California Workers’ Compensation FAQs

Our Pasadena Workers’ Compensation Attorney Answers Your Questions

Workers’ compensation is beneficial to workers who suffered injuries on the job. Without workers’ compensation benefits, it would then be more difficult to cover medical expenses and lost income after an injury. Unfortunately, the workers’ compensation process is not always clear and, thus, you could receive a denial for benefits.

We created this page to answer some of the most common questions people have about filing for and recovering workers’ compensation in California. Below, our Pasadena workers’ compensation attorney answers the most common questions.

What Is Workers’ Compensation?

Workers’ compensation insurance is available to workers who suffer injuries on the job. California employers must carry workers’ compensation insurance. Because workers’ comp benefits are available to workers, it is much more difficult to file a personal injury lawsuit against an employer. Workers’ compensation helps cover expenses that may occur after a workplace accident.

Is Workers’ Compensation Taxable?

In many cases, workers’ compensation benefits are not taxable. This is true at the state and federal level. However, there is a notable exception to the rule. If you also receive SSI or SSDI, then the Social Security Administration may reduce benefits so the combined amount remains below a specific threshold.

What Does Workers’ Compensation Cover?

There are a number of benefits that may be available under workers’ compensation. Examples of workers’ comp benefits include:

  • Medical treatment benefits. This may cover health-related expenses, such as doctor’s appointments and medications.
  • Temporary disability. If you are unable to return to work within three days of a work-related injury or illness, you may be able to recover temporary disability benefits.
  • Permanent disability. You may also be eligible to receive permanent disability benefits if you suffered an injury or illness that results in permanent impairment. How much you can receive depends heavily on the injury and circumstances.
  • Job displacement benefits. If you cannot return to your former occupation with accommodations, then you may be able to recover benefits for supplemental job training .
  • Death benefits. If you lost a loved one during a work accident, then you and other surviving family members may qualify for death benefits.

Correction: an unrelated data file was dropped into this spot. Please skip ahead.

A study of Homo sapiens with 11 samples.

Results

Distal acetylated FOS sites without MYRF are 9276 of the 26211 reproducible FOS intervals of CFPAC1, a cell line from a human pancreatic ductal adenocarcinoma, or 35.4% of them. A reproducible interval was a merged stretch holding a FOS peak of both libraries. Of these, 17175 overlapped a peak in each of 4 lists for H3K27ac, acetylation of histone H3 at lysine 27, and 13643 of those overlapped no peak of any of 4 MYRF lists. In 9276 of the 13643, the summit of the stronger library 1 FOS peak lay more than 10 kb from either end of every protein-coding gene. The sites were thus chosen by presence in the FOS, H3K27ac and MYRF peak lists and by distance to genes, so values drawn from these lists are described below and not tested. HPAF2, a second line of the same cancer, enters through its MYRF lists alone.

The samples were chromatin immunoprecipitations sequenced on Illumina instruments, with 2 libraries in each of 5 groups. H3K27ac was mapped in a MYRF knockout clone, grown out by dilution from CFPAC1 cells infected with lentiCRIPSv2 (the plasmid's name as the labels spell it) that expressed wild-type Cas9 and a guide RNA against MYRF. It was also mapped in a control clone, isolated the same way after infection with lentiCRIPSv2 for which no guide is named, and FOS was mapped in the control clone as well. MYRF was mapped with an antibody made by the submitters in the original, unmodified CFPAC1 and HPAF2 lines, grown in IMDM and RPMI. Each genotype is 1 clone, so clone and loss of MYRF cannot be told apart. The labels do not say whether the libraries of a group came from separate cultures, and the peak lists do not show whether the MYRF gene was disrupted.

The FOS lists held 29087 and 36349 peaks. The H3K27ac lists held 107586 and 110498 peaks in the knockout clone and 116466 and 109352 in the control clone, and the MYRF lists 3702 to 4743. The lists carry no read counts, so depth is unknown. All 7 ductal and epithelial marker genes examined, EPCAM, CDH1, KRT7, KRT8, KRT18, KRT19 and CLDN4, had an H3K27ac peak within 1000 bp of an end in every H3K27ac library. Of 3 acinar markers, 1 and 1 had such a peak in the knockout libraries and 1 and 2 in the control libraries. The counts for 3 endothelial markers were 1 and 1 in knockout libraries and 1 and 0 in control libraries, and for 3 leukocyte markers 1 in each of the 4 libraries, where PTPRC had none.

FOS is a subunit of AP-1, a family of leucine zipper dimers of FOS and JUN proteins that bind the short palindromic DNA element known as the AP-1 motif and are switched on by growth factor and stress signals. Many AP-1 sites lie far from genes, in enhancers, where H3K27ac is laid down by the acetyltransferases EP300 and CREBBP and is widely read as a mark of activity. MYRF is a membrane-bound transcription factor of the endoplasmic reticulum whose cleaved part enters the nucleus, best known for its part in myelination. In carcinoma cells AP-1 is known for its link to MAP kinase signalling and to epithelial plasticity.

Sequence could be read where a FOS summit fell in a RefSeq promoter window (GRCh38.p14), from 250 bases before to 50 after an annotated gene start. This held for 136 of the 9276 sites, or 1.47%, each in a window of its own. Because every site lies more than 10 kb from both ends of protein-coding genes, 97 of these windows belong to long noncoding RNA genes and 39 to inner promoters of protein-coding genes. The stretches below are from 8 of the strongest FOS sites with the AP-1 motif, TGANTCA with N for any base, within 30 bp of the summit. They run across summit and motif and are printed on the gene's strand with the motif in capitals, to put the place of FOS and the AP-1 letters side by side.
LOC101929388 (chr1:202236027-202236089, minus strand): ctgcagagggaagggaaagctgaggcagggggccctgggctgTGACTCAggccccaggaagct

How Does Workers’ Compensation Work?

The workers’ compensation process kicks in after a workplace injury or upon the discovery of a workplace illness. After an accident, there are mandatory filing and paperwork requirements that you and your employer must meet. Never wait to report an injury, as procrastination could jeopardize your claim. The same is also true for job-related illnesses.

The insurance carrier will investigate the claim and make a decision within a few weeks. What happens next depends on the circumstances. The carrier could deny your claim, which might necessitate an appeal. Be sure to read our page on appealing a denied workers’ compensation claim.

Who Pays for Workers’ Compensation?

State law requires California employers to purchase workers’ compensation insurance. California employers have a few options for ensuring they meet the state’s workers’ compensation insurance requirements. They can purchase workers’ compensation insurance through a licensed insurance company or state fund. Additionally, some may opt to self-insure. In either case, the bottom line is that California employers must offer workers’ compensation.

How is Workers’ Compensation Calculated?

Workers’ compensation can cover lost wages while you recover, or indefinitely if you suffered permanent impairment. You would then receive payments through workers’ compensation insurance.

How much you can recover for an injury or illness depends on the circumstances and type of benefit involved. You may recover two-thirds of your pre-tax gross wages. However, there are limits to workers’ compensation benefits in California.

Can I Sue My Employer?

In most cases, you cannot sue an employer because workers’ compensation is available. There are few exceptions to the rule. For example, an exception occurs if your employer physically assaulted you or concealed a workplace hazard. Additionally, you may be able to file a lawsuit against your employer if it does not carry workers’ compensation insurance.

It may also be possible to file a “third party claim” against a person or entity that is not your employer. For example, if another business’s negligence causes you to suffer an injury at work, then you may have a valid claim for damages against that business.

Our Pasadena workers’ compensation attorney can help you determine whether it would be possible to pursue a third party claim.

Contact Our Pasadena Workers’ Compensation Attorney for More Information

Questions about filing for workers’ compensation in California? We are here to help. To schedule a free initial consultation with our Pasadena workers’ compensation lawyer, dial (626) 345-7210 or use the contact form on our site.